Coryneum blight

Posted - Oct. 22, 2004 at 8:36 p.m.



This archived news story is available only for your personal, non-commercial use. Information in the story may be outdated or superseded by additional information. Reading or replaying the story in its archived form does not constitute a republication of the story.

Larry Sagers Horticultural Specialist Utah State University Extension Service Thanksgiving Point Office © All Rights Reserved

With the sudden change in the weather and the very welcome rain, plan on treating your peaches for Coryneum blight or shothole blight.

This is a fungal disease affecting peach, apricot, nectarine, and cherry. It may infect the leaves, fruit, buds, blossoms and twigs of susceptible trees.

The fungus overwinters in twig cankers and blighted buds. The spores form in the buds and cankers and are spread by fall and spring rains, and infect leaf scars produced when leaves drop in the fall.

Spores also move by rain to leaf or flower buds and remain under the bud scales until ready to germinate condition are right. In the spring, these spores infect the swollen buds, and kill the bud or cause blossom blight, or "shot-hole" symptoms in the leaves.

Cankers develop on new wood and can girdle and kill developing buds and twigs. Spores produced on twig cankers in the spring infect susceptible plant tissue during rainy periods.

Bud and twig infections commonly cause of damage to peaches. Twig infections create cankers that often surround leaf or flower buds. The cankers turn purple or brown in color and are slightly sunken. They enlarge and grow together to girdle a branch or twig and kill it.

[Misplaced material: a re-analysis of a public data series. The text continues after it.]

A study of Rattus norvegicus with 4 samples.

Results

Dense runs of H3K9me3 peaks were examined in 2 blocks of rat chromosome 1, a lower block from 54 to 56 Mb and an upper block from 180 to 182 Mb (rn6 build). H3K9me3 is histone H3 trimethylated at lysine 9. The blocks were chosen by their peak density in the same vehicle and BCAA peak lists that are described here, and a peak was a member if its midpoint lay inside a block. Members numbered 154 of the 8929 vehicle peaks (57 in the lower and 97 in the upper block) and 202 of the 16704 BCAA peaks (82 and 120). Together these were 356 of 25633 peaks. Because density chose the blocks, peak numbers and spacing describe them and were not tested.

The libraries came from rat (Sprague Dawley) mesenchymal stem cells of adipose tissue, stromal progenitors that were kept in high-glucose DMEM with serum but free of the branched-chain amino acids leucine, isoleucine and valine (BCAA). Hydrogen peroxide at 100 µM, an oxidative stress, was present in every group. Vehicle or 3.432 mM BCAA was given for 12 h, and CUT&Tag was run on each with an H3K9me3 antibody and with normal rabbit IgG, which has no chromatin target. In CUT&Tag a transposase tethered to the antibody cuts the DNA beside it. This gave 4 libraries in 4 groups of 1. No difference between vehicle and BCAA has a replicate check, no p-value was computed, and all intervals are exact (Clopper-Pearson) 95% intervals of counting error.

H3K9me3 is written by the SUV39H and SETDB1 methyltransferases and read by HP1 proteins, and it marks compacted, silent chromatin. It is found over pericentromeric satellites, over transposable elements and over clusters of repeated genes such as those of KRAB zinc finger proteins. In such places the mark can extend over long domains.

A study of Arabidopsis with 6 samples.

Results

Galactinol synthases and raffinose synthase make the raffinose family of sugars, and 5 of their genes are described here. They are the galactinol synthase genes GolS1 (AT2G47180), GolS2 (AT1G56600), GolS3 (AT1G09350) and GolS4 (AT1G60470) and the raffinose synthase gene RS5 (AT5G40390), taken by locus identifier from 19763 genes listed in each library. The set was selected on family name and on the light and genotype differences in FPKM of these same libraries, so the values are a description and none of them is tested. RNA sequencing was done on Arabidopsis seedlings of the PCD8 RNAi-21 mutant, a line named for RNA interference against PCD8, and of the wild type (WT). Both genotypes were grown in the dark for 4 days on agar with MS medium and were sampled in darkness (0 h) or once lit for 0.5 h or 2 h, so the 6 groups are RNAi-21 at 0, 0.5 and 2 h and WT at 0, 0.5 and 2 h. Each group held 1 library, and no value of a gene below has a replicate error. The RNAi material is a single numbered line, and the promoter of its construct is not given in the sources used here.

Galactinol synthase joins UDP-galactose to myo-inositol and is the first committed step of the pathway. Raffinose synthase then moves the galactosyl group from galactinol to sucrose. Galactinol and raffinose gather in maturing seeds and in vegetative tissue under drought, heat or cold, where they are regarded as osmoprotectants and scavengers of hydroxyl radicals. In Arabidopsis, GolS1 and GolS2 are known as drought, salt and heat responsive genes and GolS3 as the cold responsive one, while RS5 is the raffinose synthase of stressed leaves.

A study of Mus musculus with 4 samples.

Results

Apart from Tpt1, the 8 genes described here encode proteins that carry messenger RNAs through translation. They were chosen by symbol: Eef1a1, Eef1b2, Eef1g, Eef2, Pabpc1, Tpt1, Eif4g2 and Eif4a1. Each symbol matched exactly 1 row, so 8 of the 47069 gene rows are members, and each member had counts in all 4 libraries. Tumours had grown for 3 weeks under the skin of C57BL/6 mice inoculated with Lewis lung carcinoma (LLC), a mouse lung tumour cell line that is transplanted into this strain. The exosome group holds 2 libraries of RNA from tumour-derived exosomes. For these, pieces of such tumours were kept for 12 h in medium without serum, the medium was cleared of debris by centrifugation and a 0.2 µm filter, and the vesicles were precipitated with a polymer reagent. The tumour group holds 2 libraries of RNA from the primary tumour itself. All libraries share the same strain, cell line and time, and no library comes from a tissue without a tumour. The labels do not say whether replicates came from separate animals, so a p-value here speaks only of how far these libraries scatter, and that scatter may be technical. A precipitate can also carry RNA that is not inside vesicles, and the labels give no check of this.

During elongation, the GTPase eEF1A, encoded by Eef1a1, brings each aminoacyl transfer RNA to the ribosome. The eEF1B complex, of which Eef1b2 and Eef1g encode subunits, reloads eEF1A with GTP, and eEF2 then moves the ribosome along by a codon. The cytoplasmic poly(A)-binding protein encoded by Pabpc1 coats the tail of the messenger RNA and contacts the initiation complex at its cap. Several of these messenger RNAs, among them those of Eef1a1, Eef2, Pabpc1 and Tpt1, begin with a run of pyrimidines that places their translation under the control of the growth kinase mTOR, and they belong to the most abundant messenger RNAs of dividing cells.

Gumming is common around infected buds and cankers. Leaf infections appear as small tan spots on young leaves. These later turn brown with purple borders. The spots eventually drop out of the leaf, giving the "shot-hole" symptoms. Leaf infections in Utah are more frequent on peach than apricot, unless the weather is very wet.

Fruit infections occur infrequently on peach but occur almost every year on susceptible varieties of apricot. Infections are small reddish-brown spots with light centers on immature fruits. On apricot fruit, the spots become rough and hard, with dry, corky areas in the fruit underneath the spots.

The spots may grow together then produce large, irregular, leathery patches with cracking and gumming. The fruit, though spotted, can still be used.

Fruit infections are reduced by cleaning up the orchard and protective sprays. Sanitation is important in reducing inoculum in wet years. During spring pruning, remove all obviously diseased wood and destroy it.

Avoid sprinkling the leaves during irrigation. Apply protective fungicide sprays if you have frequent spring and fall rains. Homeowners can protect backyard trees by carefully pruning out cankers, controlling sprinkler irrigation, and apply one of the following chemicals just after leaf drop in the fall to protect against bud infections. Treat trees with Bordeaux, chlorothalonil (Daconil), captan or fixed coppers.

Combine dormant oil with fixed coppers as stickers. Do not use copper sprays in the spring after trees leaf out, as they may burn the leaves.

Young leaves and fruit (especially apricots) require protective sprays during the spring to prevent fruit infection. Apply chlorothalonil (Daconil) or Captan (except on apricot) from pink bud through shuck-split stages, depending on the frequency of rainfall.